Intraovarian Injection of Platelet-rich Plasma in Assisted Reproduction: Too Much too Soon?

Lloyd Atkinson; Francesca Martin; Roger G. Sturmey


Hum Reprod. 2021;36(7):1737-1750. 

In This Article

How Might PRP Induce Ovarian Rejuvenation?

Given the complexity of platelet signalling and activation, the precise details of how platelets initiate their full range of physiological effects remain unclear. However, it is well established that platelets release a range of cytokines in response to activation (Roh et al., 2016). Cytokine signalling is increasingly being shown to be involved in the interrelationship among the oocyte, granulosa and thecal cells, with dysfunction in this ecosystem resulting in deficiencies in follicle maturation, ovulation and luteinisation (Orisaka et al., 2006; Field et al., 2014). A number of the cytokines that regulate follicle development are released by platelets through secretion of their alpha and dense granule contents during platelet activation (Table II). Therefore, a working hypothesis is that PRP may provide a readily accessible, individualised, cost-effective blend of proangiogenic, proliferative and proinflammatory factors which may stimulate de-novo oogenesis and/or follicle maturation.

One possible explanation of the observed effects of PRP on the ovary might be that it acts in a proangiogenic manner (Kakudo et al., 2014) via action of platelet-released cytokines (Table II), including, for example VEGF. Primordial follicles typically rely on stromal blood vessels, but become progressively encapsulated in a thecal capillary network during maturation, a process which is mirrored by increased VEGF expression that persists through to corpus luteum formation (Gordon et al., 1996; Barboni et al., 2000; Danforth et al., 2003; Pauli et al., 2005). Heterozygous knockdown of the hypoxia-response element within the VEGFA promoter or VEGFR antagonism in mouse ovaries leads to vascular malformation, resulting in a poor ovarian response to stimulation (Feng et al., 2017), indicative of a role for VEGF in follicle development and the overall importance of correctly regulated vascularisation in follicle development. Another major constituent of platelet releasate, platelet-derived growth factor (PDGF), has also been implicated in regulating vessel formation and maturity. This was demonstrated via intraovarian injection with an anti-PDGF antibody in rats by Pascuali et al. (2015), who consequently observed a reduction in follicle maturation paired with an increase in follicle atresia. This direct evidence for the importance of proangiogenic factors in follicle development supports the idea that PRP and/or platelet releasate can increase blood supply to the immature follicle pool and/or OSCs and encourage their maturation.

An additional potential explanation for the positive effects of PRP on the ovary is via sphingosine-1-phosphate (S1P) (Ono et al., 2013; Urtz et al., 2015). S1P has been isolated from follicular fluid at high nanomolar concentrations (Von Otte et al., 2006) and there is evidence to suggest that it can promote follicle maturation, likely through increased expression of CCN2, a connective tissue growth factor shown to drive follicle maturation (Cheng et al., 2015). Platelet alpha granules contain abundant stores of S1P, which is released upon activation and have been measured at over 300 nM per 1 × 10[7] platelets. If a linear relationship between S1P concentrations and platelet count exists, this would estimate that in studies that have infused activated PRP into the ovary, the amount of S1P delivered is approximately 9 μM, close to the range reported to be beneficial by Cheng et al. (2015). However, a recent study involving both murine and human follicles and human-to-murine xenotransplantation reported that although CCN2 expression was elevated in response to supraphysiological S1P doses, there was no increase in the number of follicles. By contrast, ovaries receiving S1P treatment suffered a significant reduction in follicle number compared to control counterparts (Pors et al., 2020). These findings again highlight the uncertainty of the effect of factors released by activated platelets on oocyte and follicle development and clinicians must be careful when considering such approaches.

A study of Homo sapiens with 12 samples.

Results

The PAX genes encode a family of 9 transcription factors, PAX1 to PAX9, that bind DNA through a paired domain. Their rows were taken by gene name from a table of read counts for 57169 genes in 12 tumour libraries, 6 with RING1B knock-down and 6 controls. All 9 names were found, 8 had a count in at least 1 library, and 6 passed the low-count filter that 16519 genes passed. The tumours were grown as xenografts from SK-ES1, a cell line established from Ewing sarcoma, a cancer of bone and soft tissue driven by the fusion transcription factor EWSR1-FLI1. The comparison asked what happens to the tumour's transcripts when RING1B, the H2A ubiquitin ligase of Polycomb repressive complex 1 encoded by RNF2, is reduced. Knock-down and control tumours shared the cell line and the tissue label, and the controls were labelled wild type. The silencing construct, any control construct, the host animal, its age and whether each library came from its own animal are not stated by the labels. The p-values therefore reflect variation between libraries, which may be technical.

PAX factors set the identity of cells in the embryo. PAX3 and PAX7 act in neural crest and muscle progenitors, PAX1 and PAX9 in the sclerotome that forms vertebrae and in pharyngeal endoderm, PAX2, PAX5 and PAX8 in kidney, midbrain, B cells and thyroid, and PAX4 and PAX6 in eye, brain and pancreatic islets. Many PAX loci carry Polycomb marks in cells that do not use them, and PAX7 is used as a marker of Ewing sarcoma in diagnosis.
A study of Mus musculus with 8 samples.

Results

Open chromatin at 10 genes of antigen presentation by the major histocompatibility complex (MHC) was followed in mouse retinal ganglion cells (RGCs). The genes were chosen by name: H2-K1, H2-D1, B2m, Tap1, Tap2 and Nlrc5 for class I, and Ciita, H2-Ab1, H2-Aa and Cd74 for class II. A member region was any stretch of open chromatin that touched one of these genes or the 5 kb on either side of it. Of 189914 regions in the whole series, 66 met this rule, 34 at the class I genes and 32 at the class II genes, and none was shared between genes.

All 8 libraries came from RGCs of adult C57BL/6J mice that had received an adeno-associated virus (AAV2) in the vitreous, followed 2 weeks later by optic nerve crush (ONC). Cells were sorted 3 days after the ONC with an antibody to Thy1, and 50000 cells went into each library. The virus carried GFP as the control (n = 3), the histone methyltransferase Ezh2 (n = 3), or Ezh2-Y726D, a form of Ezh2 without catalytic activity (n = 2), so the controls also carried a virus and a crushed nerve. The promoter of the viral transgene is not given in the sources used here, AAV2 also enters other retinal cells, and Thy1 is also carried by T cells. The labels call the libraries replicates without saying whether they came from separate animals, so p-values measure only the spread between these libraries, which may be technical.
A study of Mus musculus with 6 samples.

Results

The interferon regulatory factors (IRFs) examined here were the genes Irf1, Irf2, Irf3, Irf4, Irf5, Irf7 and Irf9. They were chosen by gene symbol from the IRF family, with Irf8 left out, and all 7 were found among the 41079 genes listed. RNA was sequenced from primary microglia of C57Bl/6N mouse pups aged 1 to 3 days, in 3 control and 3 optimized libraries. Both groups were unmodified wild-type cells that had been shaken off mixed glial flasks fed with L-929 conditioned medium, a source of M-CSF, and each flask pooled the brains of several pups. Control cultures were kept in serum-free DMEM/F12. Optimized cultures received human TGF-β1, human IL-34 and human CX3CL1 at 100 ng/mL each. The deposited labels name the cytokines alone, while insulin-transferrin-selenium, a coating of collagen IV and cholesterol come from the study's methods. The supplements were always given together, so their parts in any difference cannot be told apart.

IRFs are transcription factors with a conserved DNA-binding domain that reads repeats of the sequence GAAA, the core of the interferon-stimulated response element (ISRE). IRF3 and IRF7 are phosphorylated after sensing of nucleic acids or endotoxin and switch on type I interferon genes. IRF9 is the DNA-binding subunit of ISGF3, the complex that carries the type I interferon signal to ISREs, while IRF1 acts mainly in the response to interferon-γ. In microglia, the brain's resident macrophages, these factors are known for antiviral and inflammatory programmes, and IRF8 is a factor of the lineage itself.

Although it is theorised that PRP supports the development of follicles from OSCs, alternative explanations must be considered. In a study by Hosseini et al. (2017), PRP was found to improve the growth and viability in vitro of preantral follicles isolated from human ovaries post-mortem, supporting the notion that PRP may aid ovarian rejuvenation through supporting development of existing primordial follicles. However, this application relies on the patient having a supply of oocyte-containing follicles, thus, rendering the approach unsuitable for women who have experienced ovarian exhaustion. Panda et al. (2020) expressed the need for better-controlled studies to confirm the conclusions drawn by Cakiroglu et al. (2020), which found that the number of remaining follicles within the ovaries of women with POI determines their response to PRP infusion, and that women without any antral follicles are unlikely to respond to PRP.

The prospective pilot study by Sfakianoudis et al. (2020b) determined that perimenopausal women and women deemed to be POR benefitted the most from the treatment, more so than POI and menopausal patients. In an article by Sfakianoudis et al. (2020a), they describe how novel techniques (such as PRP, ovarian stem cells transplant and ovarian tissue transplant) may effectively treat ovarian insufficiency by reactivating follicular growth through restoring the microenvironment of the ovary. Therefore, it should be acknowledged that PRP infusion may only be an appropriate treatment for select ovarian disorders.